Four local energy companies were honored by the Bureau of Land Management (BLM) last week for their efforts to reduce emissions and improve air quality in Sublette County.
At the Colorado Oil and Gas Association’s annual meeting in Denver last week, EnCana Oil and Gas, Questar Market Resources, Shell Exploration and Production and Ultra Resources were all presented with the awards, entitled Responsible Stewardship of Air Resources.
Ozone issues have plagued the area in recent years — particularly in the winter and spring of 2008, when several ozone alerts were issued for Sublette County due to levels above the Environmental Protection Agency’s accepted threshold.
Due to that fact, companies have been hard at work combating the contributing emissions that result from natural gas development throughout the county.
EnCana’s award was given in light of the company’s work to combat those emissions in the Jonah Field, located in the southern end of the county.
“We were recognized for a number of things,” said EnCana spokesman Randy Teeuwen. “And for EnCana, we’re always honored and proud to receive awards that acknowledge the work that we do to protect the environment.”
That work includes the company’s effort to consolidate its production facilities, the natural gas rigs it uses in the Jonah, flareless flowback on completions and its workforce facility, among others.
“In the old days, we pretty much had a production unit for every well, and that’s just the way it was done,” said Teeuwen. “But we’ve devised new methods of tying numerous wells together, in kind of a hub-and-spoke arrangement.
“So we have vastly reduced the number of opportunities for emissions to escape into the atmosphere.”
EnCana has also installed natural gas engines on all of the drilling rigs it uses, which “reduces our NOx (nitrogen oxide) by more than 80 percent,” he continued.
EnCana’s workforce facility, or “man camp” as it’s commonly known, has also taken “more than 200,000 miles off the roads in Sublette County per year,” said Teeuwen, citing the reduced distance of employees’ daily commutes.
The “Big Three” of the Pinedale Anticline Project Area (PAPA), consisting of Questar, Shell and Ultra, have also made similar efforts to reduce emissions, and their award also recognized the collaborative nature of that effort.
“I think we have some of the best practices in the nation,” said Belinda Salinas, Ultra’s manager of environmental, safety and regulatory affairs. “And it’s not just one company doing it alone.
“It’s the three companies working together, sharing ideas, discussing successes, learning from each one’s success and building on that.”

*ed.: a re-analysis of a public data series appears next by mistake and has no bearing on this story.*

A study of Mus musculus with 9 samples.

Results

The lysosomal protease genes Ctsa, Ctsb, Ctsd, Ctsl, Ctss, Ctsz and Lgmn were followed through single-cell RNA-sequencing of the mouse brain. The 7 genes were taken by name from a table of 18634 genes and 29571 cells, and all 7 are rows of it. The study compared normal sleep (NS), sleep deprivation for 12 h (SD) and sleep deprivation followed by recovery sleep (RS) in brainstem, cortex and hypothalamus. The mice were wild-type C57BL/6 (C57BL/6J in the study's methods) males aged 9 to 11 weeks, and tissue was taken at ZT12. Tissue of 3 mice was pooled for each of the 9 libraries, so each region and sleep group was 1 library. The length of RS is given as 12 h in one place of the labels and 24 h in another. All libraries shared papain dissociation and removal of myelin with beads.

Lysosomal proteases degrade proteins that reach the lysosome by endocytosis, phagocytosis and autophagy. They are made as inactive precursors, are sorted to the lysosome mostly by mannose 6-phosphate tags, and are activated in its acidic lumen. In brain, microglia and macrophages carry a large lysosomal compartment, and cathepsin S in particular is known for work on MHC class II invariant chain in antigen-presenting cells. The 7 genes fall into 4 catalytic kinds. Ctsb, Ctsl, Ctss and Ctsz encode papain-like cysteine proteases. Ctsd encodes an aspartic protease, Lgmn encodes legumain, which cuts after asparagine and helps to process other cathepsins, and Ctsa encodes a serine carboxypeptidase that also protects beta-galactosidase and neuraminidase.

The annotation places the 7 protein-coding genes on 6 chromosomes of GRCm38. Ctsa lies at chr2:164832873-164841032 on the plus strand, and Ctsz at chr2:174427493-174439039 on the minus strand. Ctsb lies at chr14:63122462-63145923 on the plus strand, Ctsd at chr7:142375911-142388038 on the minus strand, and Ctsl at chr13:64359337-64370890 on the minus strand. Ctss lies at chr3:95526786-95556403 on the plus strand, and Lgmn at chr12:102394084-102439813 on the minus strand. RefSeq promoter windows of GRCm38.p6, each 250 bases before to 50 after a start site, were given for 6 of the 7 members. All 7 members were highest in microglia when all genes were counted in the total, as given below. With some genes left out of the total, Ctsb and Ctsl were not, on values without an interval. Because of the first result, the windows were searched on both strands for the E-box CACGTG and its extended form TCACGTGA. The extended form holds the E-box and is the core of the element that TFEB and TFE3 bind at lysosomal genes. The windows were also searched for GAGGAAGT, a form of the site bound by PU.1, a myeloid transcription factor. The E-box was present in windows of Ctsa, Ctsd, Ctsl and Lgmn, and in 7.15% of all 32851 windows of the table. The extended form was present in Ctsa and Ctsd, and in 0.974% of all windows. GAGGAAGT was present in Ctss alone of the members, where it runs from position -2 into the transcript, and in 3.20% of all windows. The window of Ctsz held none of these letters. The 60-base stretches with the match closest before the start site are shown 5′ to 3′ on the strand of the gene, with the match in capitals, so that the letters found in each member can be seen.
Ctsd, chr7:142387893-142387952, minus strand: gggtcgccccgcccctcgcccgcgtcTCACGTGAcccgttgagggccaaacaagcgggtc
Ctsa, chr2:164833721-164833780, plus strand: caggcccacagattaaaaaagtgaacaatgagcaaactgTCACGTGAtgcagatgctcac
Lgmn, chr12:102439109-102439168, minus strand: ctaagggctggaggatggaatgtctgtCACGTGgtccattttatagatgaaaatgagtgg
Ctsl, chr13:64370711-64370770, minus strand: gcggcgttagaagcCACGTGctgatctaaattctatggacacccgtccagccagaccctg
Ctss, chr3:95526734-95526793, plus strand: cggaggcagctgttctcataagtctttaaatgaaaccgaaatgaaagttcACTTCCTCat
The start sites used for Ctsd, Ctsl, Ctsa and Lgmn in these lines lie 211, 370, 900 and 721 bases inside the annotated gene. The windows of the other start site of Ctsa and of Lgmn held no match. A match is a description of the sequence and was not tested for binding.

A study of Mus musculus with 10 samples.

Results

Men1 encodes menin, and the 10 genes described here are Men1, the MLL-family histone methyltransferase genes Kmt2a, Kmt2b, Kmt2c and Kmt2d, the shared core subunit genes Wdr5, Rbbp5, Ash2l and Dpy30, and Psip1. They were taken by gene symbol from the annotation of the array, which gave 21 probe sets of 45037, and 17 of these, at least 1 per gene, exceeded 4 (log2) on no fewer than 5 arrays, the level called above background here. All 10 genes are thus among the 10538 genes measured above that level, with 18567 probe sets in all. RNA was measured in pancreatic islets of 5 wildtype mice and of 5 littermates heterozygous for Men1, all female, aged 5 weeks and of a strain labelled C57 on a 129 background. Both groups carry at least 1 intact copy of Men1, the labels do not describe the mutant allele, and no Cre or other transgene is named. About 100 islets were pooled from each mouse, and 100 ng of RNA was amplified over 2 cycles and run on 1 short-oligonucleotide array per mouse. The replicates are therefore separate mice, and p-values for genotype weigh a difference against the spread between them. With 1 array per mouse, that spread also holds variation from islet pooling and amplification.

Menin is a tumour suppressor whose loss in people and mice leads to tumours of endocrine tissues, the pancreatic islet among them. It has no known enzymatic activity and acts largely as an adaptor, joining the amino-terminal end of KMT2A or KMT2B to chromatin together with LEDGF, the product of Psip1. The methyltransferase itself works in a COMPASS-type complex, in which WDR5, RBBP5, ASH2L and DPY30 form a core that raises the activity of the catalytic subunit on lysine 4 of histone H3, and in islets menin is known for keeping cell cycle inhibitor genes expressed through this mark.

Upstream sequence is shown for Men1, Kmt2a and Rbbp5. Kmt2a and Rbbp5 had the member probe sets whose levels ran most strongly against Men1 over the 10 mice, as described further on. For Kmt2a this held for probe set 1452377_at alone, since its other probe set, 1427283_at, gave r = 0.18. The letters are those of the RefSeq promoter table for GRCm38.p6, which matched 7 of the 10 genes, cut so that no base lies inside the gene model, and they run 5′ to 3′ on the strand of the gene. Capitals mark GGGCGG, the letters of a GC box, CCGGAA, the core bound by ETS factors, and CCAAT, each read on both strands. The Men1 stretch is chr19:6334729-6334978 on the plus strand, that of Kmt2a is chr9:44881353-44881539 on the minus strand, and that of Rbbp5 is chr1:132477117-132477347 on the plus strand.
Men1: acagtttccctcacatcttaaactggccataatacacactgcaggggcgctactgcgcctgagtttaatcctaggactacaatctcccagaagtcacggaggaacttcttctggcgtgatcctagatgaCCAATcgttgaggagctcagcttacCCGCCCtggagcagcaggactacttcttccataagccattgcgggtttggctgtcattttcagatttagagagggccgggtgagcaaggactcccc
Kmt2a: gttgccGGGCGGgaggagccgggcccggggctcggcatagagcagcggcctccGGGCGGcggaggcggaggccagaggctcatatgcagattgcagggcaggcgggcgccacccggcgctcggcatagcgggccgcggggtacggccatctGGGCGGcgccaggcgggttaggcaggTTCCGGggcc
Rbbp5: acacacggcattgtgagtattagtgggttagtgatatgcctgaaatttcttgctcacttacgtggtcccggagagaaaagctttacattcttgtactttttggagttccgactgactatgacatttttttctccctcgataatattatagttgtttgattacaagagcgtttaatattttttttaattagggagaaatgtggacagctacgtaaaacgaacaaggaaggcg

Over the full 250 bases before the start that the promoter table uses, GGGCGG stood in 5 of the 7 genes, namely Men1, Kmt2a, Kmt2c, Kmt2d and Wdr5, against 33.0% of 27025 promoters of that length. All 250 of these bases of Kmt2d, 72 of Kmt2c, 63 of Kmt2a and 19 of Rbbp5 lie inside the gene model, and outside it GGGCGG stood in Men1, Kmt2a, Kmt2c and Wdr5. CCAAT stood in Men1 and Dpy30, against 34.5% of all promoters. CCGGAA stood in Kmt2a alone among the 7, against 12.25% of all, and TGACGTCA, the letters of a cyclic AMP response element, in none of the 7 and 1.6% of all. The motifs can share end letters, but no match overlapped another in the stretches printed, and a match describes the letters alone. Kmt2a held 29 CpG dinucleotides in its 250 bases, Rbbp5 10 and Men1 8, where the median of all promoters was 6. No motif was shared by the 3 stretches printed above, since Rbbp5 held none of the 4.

“There was a lot of sharing of best practices and things that didn’t work,” echoed Diana Hoff, Questar’s general manager of the Pinedale Division. “So we were able to go up the learning curve a little faster.”
Questar has played a pivotal role in one aspect of that collaboration in particular — the liquid gathering system (LGS) now required by the BLM’s Record of Decision (ROD) that was issued in September of 2008.
“The big milestone was the ROD,” said Salinas. “It gave us the goals, in that we knew where we needed to get, and it opened the door to start implementing the changes.”
As part of its effort to continue limited drilling in winter months, Questar installed its own LGS in 2005, which uses pipelines to carry the gas, water and condensate to larger production facilities, thereby reducing 62,000 truck trips since it was completed.
“When all three (companies) are on LGS at the same time, it should eliminate 165,000 trips a year,” said Hoff. “And that’s pretty powerful.”
In light of the ROD requirements, Shell and Ultra have been working on construction of their own LGS infrastructure, and Questar has provided invaluable lessons for the companies to use in those efforts.
“The biggest thing out there is the LGS,” said Salinas. “That’s a success story. Questar put it in, and we’re looking to improve on that.”
Beyond the LGS, another strategy being implemented by the companies is the use of Selective Catalytic Reduction units (SCR), which have been added onto diesel-powered rig engines and reduce emissions by 90 percent.
“We’ve installed SCRs on all our rigs,” said Jim Sewell, environmental engineer at Shell. “And we’re having minimal, if any, problems.
“As I look at the (energy) industry, we’re setting a precedent with the technologies we’re employing.”
“The SCR control technologies — that was definitely a big piece that came out of (the collaboration) for the three operators,” said Hoff.
The companies have also been working on installing control devices on its production facilities to further reduce any minor emission leaks, which can add up quickly on the larger scale.
“We’ve controlled all of our tanks, just to reduce that as a source,” said Sewell. “We’ve also had significant reductions from heat trace pumps that are used to keep our facilities operating in winter.
“It makes more sense to reduce this as a group. We get more of an impact. As the award symbolizes, it’s Best Management Practices sharing.”
Despite the fact that these companies are competitors, they certainly agree and collaborate on that larger goal, and the BLM honored those mitigation efforts with the award last week.
“I see the competition more on how quickly we drill wells,” said Hoff. “On the air quality, everybody understands what an important issue that is. We’re all in the same boat, and we all need to succeed together.
“It demonstrates the power of companies and (regulatory) agencies working together for the greater good, because it really is a joint effort.”For the complete article see the 07-17-2009 issue.